September 3, 2014
CAST OF CHARACTERS: Classmates Jacob Morse, Austin Noon, William Walaska and Ashton Allcock welcomed guests to the Egyptian Museum as the first exhibits to see, portraying Osiris, Set, Mentuhotep II and King Tut, respectively.

Last Thursday, St. Rose of Lima School was overrun with pharaohs, mummies and gods when the sixth grade hosted their annual Egyptian Museum.

After almost two months of work, the students proudly showed of their research paper, accompanying project and model, and their ornate Egyptian costumes for classmates who attended the museum.

To determine which Egyptian king, queen, god or tradition they would portray for the museum, student names were drawn from a hat and then the student could pick their topic from a list, first come, first serve. During the museum, each student had a station with a poster board showing details from their research paper and a model they made to go with the project. Students had sticker “buttons” on their hand; when pressed, the exhibit “came to life” and the students told the story of the person or topic they were presenting.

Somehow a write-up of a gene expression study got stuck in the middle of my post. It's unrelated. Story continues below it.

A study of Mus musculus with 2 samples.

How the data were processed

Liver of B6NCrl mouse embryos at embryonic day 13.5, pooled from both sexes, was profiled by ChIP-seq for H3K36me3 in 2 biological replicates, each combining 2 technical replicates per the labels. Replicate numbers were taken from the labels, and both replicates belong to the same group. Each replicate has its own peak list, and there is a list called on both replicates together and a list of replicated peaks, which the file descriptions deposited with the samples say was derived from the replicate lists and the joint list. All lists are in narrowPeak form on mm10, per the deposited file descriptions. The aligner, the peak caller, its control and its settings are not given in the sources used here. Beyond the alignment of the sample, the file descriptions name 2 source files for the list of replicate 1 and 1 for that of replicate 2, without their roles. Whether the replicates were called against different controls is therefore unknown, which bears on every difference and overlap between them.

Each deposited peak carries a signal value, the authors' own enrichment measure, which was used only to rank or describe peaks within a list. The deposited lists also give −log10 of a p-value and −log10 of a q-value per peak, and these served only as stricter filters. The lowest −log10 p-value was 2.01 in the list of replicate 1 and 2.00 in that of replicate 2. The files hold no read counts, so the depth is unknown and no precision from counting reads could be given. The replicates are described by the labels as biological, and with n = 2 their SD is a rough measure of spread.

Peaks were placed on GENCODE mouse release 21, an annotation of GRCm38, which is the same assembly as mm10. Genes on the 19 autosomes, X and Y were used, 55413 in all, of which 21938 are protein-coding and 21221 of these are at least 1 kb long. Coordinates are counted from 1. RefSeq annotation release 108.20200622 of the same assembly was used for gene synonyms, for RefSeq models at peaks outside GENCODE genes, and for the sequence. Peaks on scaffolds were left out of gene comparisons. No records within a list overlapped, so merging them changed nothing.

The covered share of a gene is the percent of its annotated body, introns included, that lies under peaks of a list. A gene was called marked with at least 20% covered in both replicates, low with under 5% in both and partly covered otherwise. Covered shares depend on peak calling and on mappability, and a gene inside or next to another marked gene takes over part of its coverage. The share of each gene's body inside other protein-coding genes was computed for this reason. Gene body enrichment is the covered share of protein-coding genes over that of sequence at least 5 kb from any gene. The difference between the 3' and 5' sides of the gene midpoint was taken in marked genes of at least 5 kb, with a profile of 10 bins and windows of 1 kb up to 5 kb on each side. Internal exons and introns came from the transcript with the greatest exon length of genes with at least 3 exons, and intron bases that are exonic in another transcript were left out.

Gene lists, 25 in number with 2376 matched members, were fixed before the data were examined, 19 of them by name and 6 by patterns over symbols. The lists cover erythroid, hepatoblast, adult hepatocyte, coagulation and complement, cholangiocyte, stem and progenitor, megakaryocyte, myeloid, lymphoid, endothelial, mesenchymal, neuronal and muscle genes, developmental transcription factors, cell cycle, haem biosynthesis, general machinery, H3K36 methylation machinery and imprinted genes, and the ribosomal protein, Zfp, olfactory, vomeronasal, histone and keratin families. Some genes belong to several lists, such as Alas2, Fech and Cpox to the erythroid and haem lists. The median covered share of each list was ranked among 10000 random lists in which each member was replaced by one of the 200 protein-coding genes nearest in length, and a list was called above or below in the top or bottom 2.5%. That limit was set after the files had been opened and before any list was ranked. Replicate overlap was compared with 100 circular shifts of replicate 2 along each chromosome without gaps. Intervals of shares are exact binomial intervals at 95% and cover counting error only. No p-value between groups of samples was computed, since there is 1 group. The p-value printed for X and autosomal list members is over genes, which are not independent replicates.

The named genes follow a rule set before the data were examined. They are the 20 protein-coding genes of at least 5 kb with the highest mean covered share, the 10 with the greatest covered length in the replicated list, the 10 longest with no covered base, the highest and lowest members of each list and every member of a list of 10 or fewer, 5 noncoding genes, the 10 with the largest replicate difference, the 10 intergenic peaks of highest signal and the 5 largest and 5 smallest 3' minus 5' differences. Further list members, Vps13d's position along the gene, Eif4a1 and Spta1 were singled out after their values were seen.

Sixth grade teacher Jane Streeter said although they spent a long time working on their Egyptian unit, it was a topic she believes her students really enjoyed.

“I just think that they love that it’s totally new to them. It’s completely different from our way of life today,” said Streeter.

Not only did the students study Ancient Egypt in the traditional classroom format, but they had fun and interactive experiences. The students were treated to a special presentation on mummification and took part in a fun archeology activity. The students decorated their own ceramic pots with hieroglyphics and other Egyptian symbols, before their teacher smashed it with a hammer.

“We had to get our pieces back together like an archeologist,” said Nathan Bowe.

Bowe and his classmates really did enjoy learning about Egypt for a lot of different reasons.

“It’s all interesting,” said Bowe. “But it’s weird, too.”

“I like how they dress and all the jewelry,” said Gwen Casey.

“It was fun. You don’t usually know this stuff when you are younger,” said Jacob Morse.

“We got to do a lot of projects,” said Ashton Allcock, who really liked the Archeology activity. “I was one of the first ones done!”

“It’s just cool. It was fun,” said Ava Librizzi.